What does the royal family think about Prince Andrew?

Casting her son out goes against the Queen’s Christian belief in forgiveness.

By Ingrid Seward

It is a difficult time to be close to the Duke of York. Having attempted for months to dismiss Virginia Giuffre’s sexual assault claim against him, it appears he will be cross-examined in a New York court later this year.

How have we got here? One wonders if it started in his upbringing. As a cute, giggly child, Andrew was always doted upon, spoiled even. That meant, once he became an adult, he was always a worry. Ever since he left the navy, it was clear he didn’t want a desk job. The question was always “what are we going to do about Andrew?” He was eventually made a trade envoy, a role that Prince Edward had previously excelled in.

Andrew always cosied up to the wrong people – “seedy billionaires”, as Prince Philip once put it – and the glitter and the glamour of super-rich swaggering types. Andrew befriended Jeffrey Epstein and became involved with him to an embarrassing degree. Notably, he made the categorical error of inviting Epstein, together with Ghislaine Maxwell, to Princess Beatrice’s 18th birthday at Windsor Castle, and to Balmoral, where Epstein and Maxwell were photographed in one of the Queen’s private wood cabins.

The Duke of York has landed the royal family with a PR nightmare – his lawyers have used so many legal loopholes to escape his day in court that the perception he is guilty has increased. Of course, avoiding facing a judge in the short term was exactly what he was paying lawyers large sums to do (and, crucially, he never actually broke the law by doing so). It was not about the ultimate image implications, because Andrew doesn’t think long-term (arrogance, entitlement and believing nothing can touch you are some of the downsides to royalty).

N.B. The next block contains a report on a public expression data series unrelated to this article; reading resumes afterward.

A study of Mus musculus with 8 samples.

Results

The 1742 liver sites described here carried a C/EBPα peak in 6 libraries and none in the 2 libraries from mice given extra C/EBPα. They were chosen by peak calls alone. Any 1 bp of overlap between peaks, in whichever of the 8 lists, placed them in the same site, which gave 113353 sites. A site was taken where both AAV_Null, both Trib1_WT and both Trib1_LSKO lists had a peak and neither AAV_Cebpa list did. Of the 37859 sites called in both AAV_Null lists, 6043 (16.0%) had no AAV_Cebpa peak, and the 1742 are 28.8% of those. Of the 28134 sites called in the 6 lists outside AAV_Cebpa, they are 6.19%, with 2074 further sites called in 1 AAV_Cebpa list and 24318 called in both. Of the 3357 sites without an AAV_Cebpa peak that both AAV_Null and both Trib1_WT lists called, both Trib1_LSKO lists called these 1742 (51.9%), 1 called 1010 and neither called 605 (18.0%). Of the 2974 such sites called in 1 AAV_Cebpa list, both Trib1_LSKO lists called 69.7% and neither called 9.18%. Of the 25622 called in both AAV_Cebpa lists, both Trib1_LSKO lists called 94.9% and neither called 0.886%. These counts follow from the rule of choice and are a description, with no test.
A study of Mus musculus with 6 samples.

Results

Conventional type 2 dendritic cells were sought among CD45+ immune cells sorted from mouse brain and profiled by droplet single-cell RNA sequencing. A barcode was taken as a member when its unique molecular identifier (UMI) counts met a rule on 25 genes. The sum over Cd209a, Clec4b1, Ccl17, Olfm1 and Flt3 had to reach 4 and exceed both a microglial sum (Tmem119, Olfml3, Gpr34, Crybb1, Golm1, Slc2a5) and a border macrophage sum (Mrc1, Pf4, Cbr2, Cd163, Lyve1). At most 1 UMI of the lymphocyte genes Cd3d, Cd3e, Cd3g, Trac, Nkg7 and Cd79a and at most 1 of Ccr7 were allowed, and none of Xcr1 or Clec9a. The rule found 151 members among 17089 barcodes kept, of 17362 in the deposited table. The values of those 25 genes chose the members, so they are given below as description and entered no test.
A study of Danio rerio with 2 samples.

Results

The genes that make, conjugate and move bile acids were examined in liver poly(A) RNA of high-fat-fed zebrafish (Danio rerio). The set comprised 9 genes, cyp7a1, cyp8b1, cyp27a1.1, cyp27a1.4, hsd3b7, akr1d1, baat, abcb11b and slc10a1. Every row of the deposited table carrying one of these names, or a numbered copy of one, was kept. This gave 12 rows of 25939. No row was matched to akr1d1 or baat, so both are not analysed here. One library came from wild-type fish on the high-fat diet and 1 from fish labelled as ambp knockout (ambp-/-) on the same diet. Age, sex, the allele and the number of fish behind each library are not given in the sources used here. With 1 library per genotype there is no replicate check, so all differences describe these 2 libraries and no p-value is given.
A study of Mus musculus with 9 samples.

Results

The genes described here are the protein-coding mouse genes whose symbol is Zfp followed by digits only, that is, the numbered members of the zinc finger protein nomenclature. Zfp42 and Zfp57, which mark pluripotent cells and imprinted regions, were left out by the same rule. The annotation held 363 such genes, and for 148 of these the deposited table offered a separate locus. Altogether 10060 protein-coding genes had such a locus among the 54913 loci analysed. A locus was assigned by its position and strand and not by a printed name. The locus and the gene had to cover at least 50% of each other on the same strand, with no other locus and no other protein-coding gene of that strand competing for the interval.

It is hard for outsiders to understand why the royal family doesn’t simply drop Prince Andrew. His military titles and royal patronages have now been returned to the Queen; he will no longer use HRH in an official capacity. But to make a stronger statement on the matter is not how families, least of all the royal family, work: in times of trouble, their habit is to close ranks. The thing people forget is that the Queen has a strong Christian faith – to cast her favoured son out into the proverbial wilderness would go against her beliefs about forgiveness and be totally alien to her. So long as she is monarch, Andrew is protected.

How will it end? In all likelihood, this will drag out into legal procedures that will heap shame on Andrew, but not result in a prison sentence.

There is a tendency in some corners of Twitter to suggest Andrew marks the end for the monarchy. This might be a tempting conclusion, but it is overblown. Social media doesn’t represent how the country feels. The majority of the population just feels very sorry for the Queen.

[See also: Now Ghislaine Maxwell has been convicted, what next for the victims of Jeffrey Epstein?]